1 Kings 22:15 Translations

    King James Version (KJV)

    So he came to the king. And the king said unto him, Micaiah, shall we go against Ramothgilead to battle, or shall we forbear? And he answered him, Go, and prosper: for the LORD shall deliver it into the hand of the king.

    American King James Version (AKJV)

    So he came to the king. And the king said to him, Micaiah, shall we go against Ramothgilead to battle, or shall we forbear? And he answered him, Go, and prosper: for the LORD shall deliver it into the hand of the king.

    American Standard Version (ASV)

    And when he was come to the king, the king said unto him, Micaiah, shall we go to Ramoth-gilead to battle, or shall we forbear? And he answered him, Go up and prosper; and Jehovah will deliver it into the hand of the king.

    Basic English Translation (BBE)

    When he came to the king, the king said to him, Micaiah, are we to go to Ramoth-gilead to make war or not? And in answer he said, Go up, and it will go well for you; and the Lord will give it into the hands of the king.

    Webster's Revision

    And when he was come to the king, the king said unto him, Micaiah, shall we go to Ramoth-gilead to battle, or shall we forbear? And he answered him, Go up and prosper; and Jehovah will deliver it into the hand of the king.

    World English Bible

    When he had come to the king, the king said to him, "Micaiah, shall we go to Ramoth Gilead to battle, or shall we forbear?" He answered him, "Go up and prosper; and Yahweh will deliver it into the hand of the king."

    English Revised Version (ERV)

    And when he was come to the king, the king said unto him, Micaiah, shall we go to Ramoth-gilead to battle, or shall we forbear? And he answered him, Go up, and prosper; and the LORD shall deliver it into the hand of the king.

    Definitions for 1 Kings 22:15

    Forbear - To cease; to let alone; to be silent.

    Clarke's Commentary on 1 Kings 22:15

    Go, and prosper - This was a strong irony; as if he had said, All your prophets have predicted success; you wish me to speak as they speak: Go, and prosper; for the Lord will deliver it into the hand of the king. These were the precise words of the false prophets, (see 1 Kings 22:6, 1 Kings 22:12), and were spoken by Micaiah in such a tone and manner as at once showed to Ahab that he did not believe them; hence the king adjures him, 1 Kings 22:16, that he would speak to him nothing but truth; and on this the prophet immediately relates to him the prophetic vision which pointed out the disasters which ensued.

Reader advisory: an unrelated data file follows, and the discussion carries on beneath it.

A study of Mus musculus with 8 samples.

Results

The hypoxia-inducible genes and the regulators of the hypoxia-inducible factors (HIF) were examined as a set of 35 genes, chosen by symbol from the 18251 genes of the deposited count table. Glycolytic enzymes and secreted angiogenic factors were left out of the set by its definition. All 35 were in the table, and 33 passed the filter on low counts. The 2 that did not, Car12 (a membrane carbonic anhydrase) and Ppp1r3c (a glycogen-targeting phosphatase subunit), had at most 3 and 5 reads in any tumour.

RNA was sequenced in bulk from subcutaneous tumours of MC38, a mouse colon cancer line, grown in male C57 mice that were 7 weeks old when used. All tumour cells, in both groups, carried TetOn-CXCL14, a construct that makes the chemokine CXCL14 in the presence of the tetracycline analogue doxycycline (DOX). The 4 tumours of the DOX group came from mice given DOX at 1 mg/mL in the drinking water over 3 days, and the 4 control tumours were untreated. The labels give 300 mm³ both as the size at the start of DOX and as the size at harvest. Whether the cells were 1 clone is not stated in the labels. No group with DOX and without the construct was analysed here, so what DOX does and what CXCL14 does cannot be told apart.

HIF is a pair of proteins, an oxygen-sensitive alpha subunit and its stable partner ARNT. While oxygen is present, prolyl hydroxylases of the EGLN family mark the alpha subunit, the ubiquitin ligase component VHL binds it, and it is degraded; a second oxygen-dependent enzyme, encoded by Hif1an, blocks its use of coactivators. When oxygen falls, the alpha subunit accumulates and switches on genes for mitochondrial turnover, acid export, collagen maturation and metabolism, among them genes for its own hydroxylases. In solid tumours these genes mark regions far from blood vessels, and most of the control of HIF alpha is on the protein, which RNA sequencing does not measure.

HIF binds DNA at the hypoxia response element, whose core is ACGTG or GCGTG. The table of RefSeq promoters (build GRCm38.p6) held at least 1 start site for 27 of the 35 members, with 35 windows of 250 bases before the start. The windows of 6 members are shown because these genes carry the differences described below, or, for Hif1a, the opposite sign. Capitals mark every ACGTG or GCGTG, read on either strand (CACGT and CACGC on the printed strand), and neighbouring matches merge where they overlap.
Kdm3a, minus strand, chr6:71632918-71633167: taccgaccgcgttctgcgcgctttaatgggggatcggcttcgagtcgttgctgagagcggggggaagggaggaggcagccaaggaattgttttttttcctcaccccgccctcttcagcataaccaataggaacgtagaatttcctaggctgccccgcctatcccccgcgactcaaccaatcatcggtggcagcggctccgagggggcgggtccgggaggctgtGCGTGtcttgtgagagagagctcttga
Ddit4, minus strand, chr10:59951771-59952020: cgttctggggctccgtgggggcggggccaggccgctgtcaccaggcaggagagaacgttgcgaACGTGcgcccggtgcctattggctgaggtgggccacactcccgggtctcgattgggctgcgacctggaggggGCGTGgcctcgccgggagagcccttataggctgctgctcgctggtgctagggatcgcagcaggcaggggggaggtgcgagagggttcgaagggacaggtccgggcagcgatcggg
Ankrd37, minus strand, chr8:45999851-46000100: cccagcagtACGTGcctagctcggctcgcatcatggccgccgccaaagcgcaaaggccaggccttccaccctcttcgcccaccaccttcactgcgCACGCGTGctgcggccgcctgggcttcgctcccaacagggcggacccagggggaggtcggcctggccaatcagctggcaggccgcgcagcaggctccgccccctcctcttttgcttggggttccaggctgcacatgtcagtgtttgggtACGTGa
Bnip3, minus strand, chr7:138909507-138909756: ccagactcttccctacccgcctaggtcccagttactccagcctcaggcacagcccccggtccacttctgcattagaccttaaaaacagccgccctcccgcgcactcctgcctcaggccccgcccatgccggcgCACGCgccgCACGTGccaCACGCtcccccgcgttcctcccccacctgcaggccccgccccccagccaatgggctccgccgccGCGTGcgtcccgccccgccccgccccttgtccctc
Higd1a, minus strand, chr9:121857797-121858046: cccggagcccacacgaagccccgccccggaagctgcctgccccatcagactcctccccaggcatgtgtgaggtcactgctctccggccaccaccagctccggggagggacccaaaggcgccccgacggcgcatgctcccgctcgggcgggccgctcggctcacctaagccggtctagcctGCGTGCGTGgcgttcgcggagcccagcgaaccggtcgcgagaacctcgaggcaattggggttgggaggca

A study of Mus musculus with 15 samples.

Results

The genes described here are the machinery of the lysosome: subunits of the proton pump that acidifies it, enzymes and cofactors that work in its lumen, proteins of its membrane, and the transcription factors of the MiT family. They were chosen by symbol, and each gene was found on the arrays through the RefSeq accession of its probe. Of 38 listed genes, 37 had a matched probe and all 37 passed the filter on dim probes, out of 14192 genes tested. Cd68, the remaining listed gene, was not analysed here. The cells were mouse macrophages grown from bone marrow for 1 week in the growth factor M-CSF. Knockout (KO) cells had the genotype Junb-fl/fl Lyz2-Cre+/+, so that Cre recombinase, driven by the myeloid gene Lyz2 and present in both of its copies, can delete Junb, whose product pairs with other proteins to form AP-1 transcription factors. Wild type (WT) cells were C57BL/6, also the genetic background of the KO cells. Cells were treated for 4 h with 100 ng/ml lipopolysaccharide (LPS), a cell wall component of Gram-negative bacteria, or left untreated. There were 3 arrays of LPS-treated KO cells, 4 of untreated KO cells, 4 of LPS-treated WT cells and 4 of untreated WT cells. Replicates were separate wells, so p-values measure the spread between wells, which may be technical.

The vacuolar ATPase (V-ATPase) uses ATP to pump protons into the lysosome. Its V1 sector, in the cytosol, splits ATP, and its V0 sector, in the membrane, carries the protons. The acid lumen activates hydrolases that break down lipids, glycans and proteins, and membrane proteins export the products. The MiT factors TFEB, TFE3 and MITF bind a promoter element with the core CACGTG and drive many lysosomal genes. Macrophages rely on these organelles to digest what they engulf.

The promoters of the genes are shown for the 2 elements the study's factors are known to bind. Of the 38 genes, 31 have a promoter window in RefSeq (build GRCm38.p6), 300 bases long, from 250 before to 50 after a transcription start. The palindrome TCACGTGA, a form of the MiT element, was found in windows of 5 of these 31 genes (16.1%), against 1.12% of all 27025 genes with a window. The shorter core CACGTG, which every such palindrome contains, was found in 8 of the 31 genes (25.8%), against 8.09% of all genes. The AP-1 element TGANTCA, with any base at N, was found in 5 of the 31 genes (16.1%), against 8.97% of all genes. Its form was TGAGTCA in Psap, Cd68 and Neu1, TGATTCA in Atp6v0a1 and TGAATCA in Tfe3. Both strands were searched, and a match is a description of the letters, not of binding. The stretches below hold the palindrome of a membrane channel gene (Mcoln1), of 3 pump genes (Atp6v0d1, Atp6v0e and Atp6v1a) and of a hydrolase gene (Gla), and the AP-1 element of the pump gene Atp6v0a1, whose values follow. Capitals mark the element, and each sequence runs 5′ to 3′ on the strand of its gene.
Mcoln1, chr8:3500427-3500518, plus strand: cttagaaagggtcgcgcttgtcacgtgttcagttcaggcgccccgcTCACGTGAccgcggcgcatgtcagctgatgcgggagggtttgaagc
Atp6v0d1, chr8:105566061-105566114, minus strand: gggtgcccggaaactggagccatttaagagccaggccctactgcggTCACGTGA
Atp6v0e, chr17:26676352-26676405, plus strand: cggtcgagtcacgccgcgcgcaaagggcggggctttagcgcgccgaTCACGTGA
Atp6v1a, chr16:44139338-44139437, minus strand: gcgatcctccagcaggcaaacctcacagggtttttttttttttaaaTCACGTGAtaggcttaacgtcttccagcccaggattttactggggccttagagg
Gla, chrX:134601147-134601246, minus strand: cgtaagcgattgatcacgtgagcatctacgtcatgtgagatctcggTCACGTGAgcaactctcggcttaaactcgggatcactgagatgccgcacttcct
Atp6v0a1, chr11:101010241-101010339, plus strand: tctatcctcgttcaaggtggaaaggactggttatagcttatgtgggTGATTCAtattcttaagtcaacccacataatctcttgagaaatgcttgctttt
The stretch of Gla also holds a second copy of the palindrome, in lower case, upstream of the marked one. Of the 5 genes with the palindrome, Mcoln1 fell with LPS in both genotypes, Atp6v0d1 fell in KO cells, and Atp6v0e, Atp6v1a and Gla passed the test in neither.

It is worthy of remark that this prophecy of the king's prophets is couched in the same ambiguous terms by which the false prophets in the heathen world endeavored to maintain their credit, while they deluded their votaries. The reader will observe that the word it is not in the original: The Lord will deliver It into the hand of the king; and the words are so artfully constructed that they may be interpreted for or against; so that, be the event whatever it might, the juggling prophet could save his credit by saying he meant what had happened. Thus then the prophecy might have been understood: The Lord will deliver (Ramoth-gilead) into the king's (Ahab's) hand; or, The Lord will deliver (Israel) into the king's hand; i.e., into the hand of the king of Syria. And Micaiah repeats these words of uncertainty in order to ridicule them and expose their fallacy.

    The following oracles among the heathens were of this same dubious nature, in order that the priests' credit might be saved, let the event turn out as it might. Thus the Delphic oracle spoke to Croesus words which are capable of a double meaning, and which he understood to his own destruction: -

    Croesus, Halym penetrans, magnam subvertet opum vim,

    Which says, in effect: -

    "If you march against Cyrus, he will either overthrow you, or you will overthrow him."

    He trusted in the latter, the former took place. He was deluded, and yet the oracle maintained its credit. So in the following: -

    Aio te, Aeacida, Romanos vincere posse

    Ibis redibis nunquam in bello peribis.

    Pyrrhus, king of Epirus, understood by this that he should conquer the Romans, against whom he was then making war; but the oracle could be thus translated: "The Romans shall overcome thee." He trusted in the former, made unsuccessful war, and was overcome; and yet the juggling priest saved his credit. The latter line is capable of two opposite meanings: -

    "Thou shalt go, thou shalt return, thou shalt never perish in war."

    Or,

    "Thou shalt go, thou shalt never return, thou shalt perish in war."

    When prophecies and oracles were not delivered in this dubious way, they were generally couched in such intricate and dark terms that the assistance of the oracle was necessary to explain the oracle, and then it was ignotum per ignotius, a dark saying paraphrased by one yet more obscure.

    Barnes' Notes on 1 Kings 22:15

    And he answered him ... - Micaiah speaks the exact words of the 400 in so mocking and ironical a tone, that the king cannot mistake his meaning, or regard his answer as serious. The king's rejoinder implies that this mocking manner was familiar to Micaiah, who had used it in some former dealings with the Israelite monarch. Hence, in part, the king's strong feeling of dislike (compare 1 Kings 22:8).